From hot dogs to fried ravioli, Ocean concession stand offers variety

From hot dogs to fried ravioli, Ocean concession stand offers variety


From hot dogs to fried ravioli, Ocean concession stand offers variety



Sal Dellomo remembers what the concession stand used to look like back in 1987, when he graduated Ocean Township High School.

“It was so bad when I was in high school,” said Dellomo, whose 7-year-old son, Joey, stood by his side chowing down on what he described as “the best cheese fries ever,” giving them a score of 10 on a 1-to-10 scale. “In the old concession stand, they used to have a hot plate for a cooker. Now, it’s totally different.”

The Spartan Snack Bar, operated by the Booster Club and managed by Don and Maureen Clare, apparently has garnered a bunch of fans over the years, as Asbury Park Press readers voted Ocean’s concession stand to be the best in the Shore Conference during a recent online poll.

In a really tight race, Ocean, which drew 25.5 percent of the vote, edged Matawan with 25.2 percent. Rumson-Fair Haven was a close third with 23.6 percent of the vote, followed by Neptune’s 14.3 percent and Keansburg’s 11.4 percent.

“They’ve done a nice job improving it over the years,” Dellomo said. “It’s nice. It’s clean. You can see them cooking the food. And the food’s gotten a lot better.”

With a menu that includes the traditional hot dogs, hamburgers and pretzels, the Spartan Snack Bar features a whole line of delicious items, such as the sausage, pepper and onion and pulled pork sandwiches, chicken tenders, mozzarella sticks and nachos. Many of the main food items are available in combination platters, which include french fries and a drink.

But the best item on the menu just may be the new kid on the block for this year — fried ravioli, which is served with marinara sauce.

“They should have buckets of these things, like KFC has with its chicken,” Dellomo said. “I definitely can eat a bucket of these. They’re delicious.”

In addition to good food, the Spartan Snack Bar features a number of tasty treats to satisfy those with a sweet tooth, including specialty treats from To Good To Be Treats, a small business started by Karyn Kinhofer and Loraine Pingitore nearly a year ago.

Some of the treats showing up in the Spartan Snack Bar include chocolate covered pretzels, milk and white chocolate-dipped Double Stuff Oreos and a concoction known as the “Magic Bar,” a chewy treat consisting of coconut, chocolate chips and butterscotch chips on a graham cracker crust.

“We put in about 10 to 15 hours a week making these treats,” said Kinhofer, who has been working the fryer along with Jim Blackwood, aka “The Mad Fryer,” this season. “We’ve been doing these for weddings, baby showers, sports banquets and corporate platters, so it’s nice to be able to offer them here and have the football crowd enjoy them as well.”

The rest of the volunteers who keep the Spartan Snack Bar in full swing for each home game includes Dudley Warner, Ralph English, Diane Nagy, Lori Wilson, Carolyn Bekampis and Carolyn Dunkley, as well as student helpers Madyson Hawes, Andrew Dombrowiecki, Michele King and McKenzie Clare.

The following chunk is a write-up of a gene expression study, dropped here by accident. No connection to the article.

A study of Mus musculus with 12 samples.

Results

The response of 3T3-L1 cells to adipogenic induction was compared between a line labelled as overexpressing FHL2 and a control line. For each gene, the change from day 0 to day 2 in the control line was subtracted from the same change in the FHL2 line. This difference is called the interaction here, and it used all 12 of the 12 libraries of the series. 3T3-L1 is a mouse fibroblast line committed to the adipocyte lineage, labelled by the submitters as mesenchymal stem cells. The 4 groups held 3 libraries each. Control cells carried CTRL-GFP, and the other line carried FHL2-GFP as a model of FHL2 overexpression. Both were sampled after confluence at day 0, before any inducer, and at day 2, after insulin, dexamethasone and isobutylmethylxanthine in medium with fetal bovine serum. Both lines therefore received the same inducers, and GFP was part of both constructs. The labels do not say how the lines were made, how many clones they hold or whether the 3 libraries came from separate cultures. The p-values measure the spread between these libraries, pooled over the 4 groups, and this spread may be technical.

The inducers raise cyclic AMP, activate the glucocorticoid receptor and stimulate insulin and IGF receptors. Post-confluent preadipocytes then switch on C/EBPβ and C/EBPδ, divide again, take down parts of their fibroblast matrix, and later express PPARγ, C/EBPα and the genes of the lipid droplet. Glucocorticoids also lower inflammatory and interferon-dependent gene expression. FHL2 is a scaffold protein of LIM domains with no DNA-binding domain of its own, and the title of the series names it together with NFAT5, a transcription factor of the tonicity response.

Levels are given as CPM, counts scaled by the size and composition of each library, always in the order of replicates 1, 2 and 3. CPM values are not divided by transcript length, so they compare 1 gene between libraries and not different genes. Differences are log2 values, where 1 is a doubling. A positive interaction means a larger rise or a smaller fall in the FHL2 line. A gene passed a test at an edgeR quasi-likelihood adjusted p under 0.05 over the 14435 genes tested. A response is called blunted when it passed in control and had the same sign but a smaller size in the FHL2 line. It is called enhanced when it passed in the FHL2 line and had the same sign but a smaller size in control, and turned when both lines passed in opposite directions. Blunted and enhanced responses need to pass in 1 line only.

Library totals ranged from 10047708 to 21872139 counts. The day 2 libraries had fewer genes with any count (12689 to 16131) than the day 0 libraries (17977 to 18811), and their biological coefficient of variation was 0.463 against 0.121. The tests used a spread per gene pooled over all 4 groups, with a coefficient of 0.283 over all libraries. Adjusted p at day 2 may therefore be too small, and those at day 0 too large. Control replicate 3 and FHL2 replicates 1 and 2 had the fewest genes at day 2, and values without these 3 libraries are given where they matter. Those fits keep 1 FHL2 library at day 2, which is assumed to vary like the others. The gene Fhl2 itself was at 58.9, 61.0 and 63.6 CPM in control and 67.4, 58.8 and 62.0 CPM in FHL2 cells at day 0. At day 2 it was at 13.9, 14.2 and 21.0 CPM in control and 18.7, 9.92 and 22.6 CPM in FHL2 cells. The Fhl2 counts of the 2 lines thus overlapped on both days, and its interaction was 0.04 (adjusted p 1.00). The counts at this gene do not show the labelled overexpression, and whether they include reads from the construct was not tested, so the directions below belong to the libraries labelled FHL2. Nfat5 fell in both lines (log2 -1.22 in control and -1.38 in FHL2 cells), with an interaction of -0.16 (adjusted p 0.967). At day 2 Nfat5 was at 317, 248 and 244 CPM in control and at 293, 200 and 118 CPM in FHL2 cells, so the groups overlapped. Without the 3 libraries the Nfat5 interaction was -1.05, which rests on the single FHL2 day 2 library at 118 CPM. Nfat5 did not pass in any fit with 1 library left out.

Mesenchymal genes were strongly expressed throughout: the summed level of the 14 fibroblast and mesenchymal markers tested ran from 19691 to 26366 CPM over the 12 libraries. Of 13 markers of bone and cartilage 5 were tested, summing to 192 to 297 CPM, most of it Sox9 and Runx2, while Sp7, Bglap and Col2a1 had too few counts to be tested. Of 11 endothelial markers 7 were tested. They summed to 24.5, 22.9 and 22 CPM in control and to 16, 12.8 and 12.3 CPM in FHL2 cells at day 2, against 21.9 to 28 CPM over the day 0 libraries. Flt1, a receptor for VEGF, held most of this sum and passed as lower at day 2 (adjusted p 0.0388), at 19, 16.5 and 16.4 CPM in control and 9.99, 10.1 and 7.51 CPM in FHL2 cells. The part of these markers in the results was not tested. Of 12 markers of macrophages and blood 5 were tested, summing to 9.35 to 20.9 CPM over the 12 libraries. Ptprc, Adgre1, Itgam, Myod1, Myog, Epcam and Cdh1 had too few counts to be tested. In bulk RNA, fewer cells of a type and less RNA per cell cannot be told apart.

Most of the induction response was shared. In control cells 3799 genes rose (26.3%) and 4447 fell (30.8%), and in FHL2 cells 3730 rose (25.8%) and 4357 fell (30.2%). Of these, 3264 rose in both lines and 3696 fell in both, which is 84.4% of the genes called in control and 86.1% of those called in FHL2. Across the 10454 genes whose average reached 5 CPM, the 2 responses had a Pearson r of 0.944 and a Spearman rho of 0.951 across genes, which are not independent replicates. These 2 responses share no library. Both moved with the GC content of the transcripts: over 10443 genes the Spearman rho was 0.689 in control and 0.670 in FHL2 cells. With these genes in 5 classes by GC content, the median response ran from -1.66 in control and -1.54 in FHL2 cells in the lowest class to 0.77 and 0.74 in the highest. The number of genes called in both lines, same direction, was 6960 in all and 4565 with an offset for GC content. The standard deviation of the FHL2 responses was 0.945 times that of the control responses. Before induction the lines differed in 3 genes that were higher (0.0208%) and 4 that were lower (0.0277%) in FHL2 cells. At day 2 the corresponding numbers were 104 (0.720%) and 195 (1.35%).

During a four-hour period, Don Clare estimates that the Spartan Snack Bar goes through some 130 hamburgers, 100 hot dogs, 10 pounds of pulled pork, 24 each of the sausage, pepper and onion and meatball sandwiches, and 180 pounds of french fries. He also said the concession stand sells about 250 bottles of water, another 150 bottles of either Vitamin water or Powerade and 190 cans of Coca-Cola products. If it’s cold, 120 cups of hot chocolate is about the average.

“To date, the best night one of my crews has had was just shy of $4,000 in sales,” he said. “Sales vary depending on the weather, our opponent and the success of our season. As for the cost to operate the concession stand for a season, or five home games, it’s generally about $4,500, which includes food, condiments and incidentals.”

Clare said the hard work put in by all the volunteers is invaluable to the success of the Spartan Snack Bar.

“Volunteers are hard to come by these days,” he said. “We appreciate all the help and dedication of all our volunteers, because we know it’s not easy to give up that time they could be spending doing something else. We have a great crew of people here.”

With two more years left to manage the concession stand, Clare believes bringing in something new each season will continue to be a trademark of how he and his wife manage the operation, mostly with regard to serving the fans and maintaining a safe, clean environment.

“From a food service standpoint, our first priority is to make sure we properly and safely serve the food, and then provide food that tastes good,” said Clare, who doesn’t have a background in food service but has a friend, Joe Ciccone, who is a chef and has a restaurant background, with whom he credits for helping him with any questions or ideas has has.

“We feel strongly about creating a maintaining a place that is both fun for the volunteers and where those attending the games can eat something, first that they’d want to eat, and second have a variety of quality products to choose from. Heck, we even have yogurt.”